Some Assembly Required
Have you ever realized how much can be communicated with just three words? (Some of you have yet to learn that concept, LOL. Just kidding.) Language is designed to be descriptive and oftentimes three well-articulated words can convey an enormous amount of expression.
The three most beautiful words ever spoken: I love you.
Three common words uttered while driving a car: What an idiot.
Three words students say to their parents: I need money
Three words parents say to their students: Get a job
Three words husbands ask their wives just prior to leaving the house: Are you ready?
Three words wives ask husbands during conversation: Are you listening?
Three powerful words: Please forgive me
Three whining words: It’s not fair
Three comforting words: Paid in full
Three sarcastic words: In your dreams
Three determined words: Stay the course
Three arrogant words: I was right
Three argumentative words: You were wrong
Three discouraging words: It’s not working
Three visionary words: Make it happen
Finally, the three most frustrating words in the entire English language: Some assembly required.
It doesn’t matter what you purchase, whether it’s sports equipment, appliances, furniture, computers, home decorations, or a toy—you will find these three instructional (and at times annoying) words stamped in tiny print on the package of most every item you buy. And even though most purchases have been produced and manufactured by the factory, and the bulk of the work has already been done, you are still being asked to add the finishing touches in order to complete the project.
Statistically, some assembly required or SAR pretty much guarantees a period of impatience, loss of composure, and quite possibly the utterance, or temptation to utter, at least one bad word. SAR typically works hand-in-hand with Murphy’s Law. Something will definitely go wrong… parts contained in the little plastic bag will be missing, or when assembly is complete you will find yourself with a bunch of leftover hardware. And for some odd reason, the pieces never really fit together as nicely as the numbered pictures drawn for you in the instruction booklet.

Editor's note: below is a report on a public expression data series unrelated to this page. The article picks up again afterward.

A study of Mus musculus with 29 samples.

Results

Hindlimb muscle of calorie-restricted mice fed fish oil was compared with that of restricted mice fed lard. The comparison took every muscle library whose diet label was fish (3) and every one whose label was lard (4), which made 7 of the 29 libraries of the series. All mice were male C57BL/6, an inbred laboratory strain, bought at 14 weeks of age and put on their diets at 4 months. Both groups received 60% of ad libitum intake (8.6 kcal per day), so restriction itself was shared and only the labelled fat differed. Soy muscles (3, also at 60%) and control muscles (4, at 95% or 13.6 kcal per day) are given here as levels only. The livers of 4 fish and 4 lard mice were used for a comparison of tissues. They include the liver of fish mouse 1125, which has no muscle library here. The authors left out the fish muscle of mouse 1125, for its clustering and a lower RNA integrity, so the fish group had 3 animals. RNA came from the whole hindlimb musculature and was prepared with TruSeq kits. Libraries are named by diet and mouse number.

Fact of the matter is, SAR will always present a challenge of some kind. It calls for involvement, personal participation, contribution, and commitment. Don’t look now, but hidden throughout the pages of scripture, you will find these same three words, “Some assembly required,” repeated over and over again.
God who offers us the free gift of salvation (nothing we could ever do to earn or deserve it), also says we are to live a life worthy of our calling. (See Ephesians 4:1) In other words, after we receive salvation, we are instructed in God’s Word to draw from the grace He provides and make good choices and lifestyle changes. Another way to say that is SAR.
God who owns it all, who chooses to share the best He has with us, also says we are to honor Him with the tithe and be generous with our finances—reaching out to others in need, especially widows and orphans in their distress. (See James 1:27) SAR.
God who promises to forgive us of our sins when we confess them, also says we are to forgive one another. He says to “be kind and compassionate to one another, forgiving each other, just as in Christ God forgave you.” (See Ephesians 4:32) SAR.
God who gifts us with the talents, skills, and natural abilities we need to be successful and fulfilled, also invites us to find our real purpose in this life by using our spiritual gifts to serve one another. (See 1 Peter 4:10) SAR.
God who continually goes before us, fights our battles, answers prayer, favors, protects, and provides our everyday needs, also said without faith it’s impossible to please him. (See Hebrews 11:6) SAR.
I could go on like this for quite some time. Our great God who is rich in mercy and, through His Son Jesus, revealed His grace—desires to give us the very best He has. That’s what covenant is all about. God has reaffirmed His new and everlasting covenant with us; and in the process, He says, “All that I am and all that I have belongs to you.”
However, by the same token, the covenant we have with God necessitates reciprocation on our part. It’s not a one-way street where all we ever do is receive and enjoy. That benefit is certainly included but not the only idea. We have a part in all this as well. Jesus confirms this with a statement made to the Father during a prayer for His disciples recorded in John 17:10, “All I have is Yours and all You have is Mine."
Ephesians 2:10 NLT
For we are God’s masterpiece (workmanship). He has created us anew in Christ Jesus, so we can do the good things He planned for us long ago. (Some assembly required.)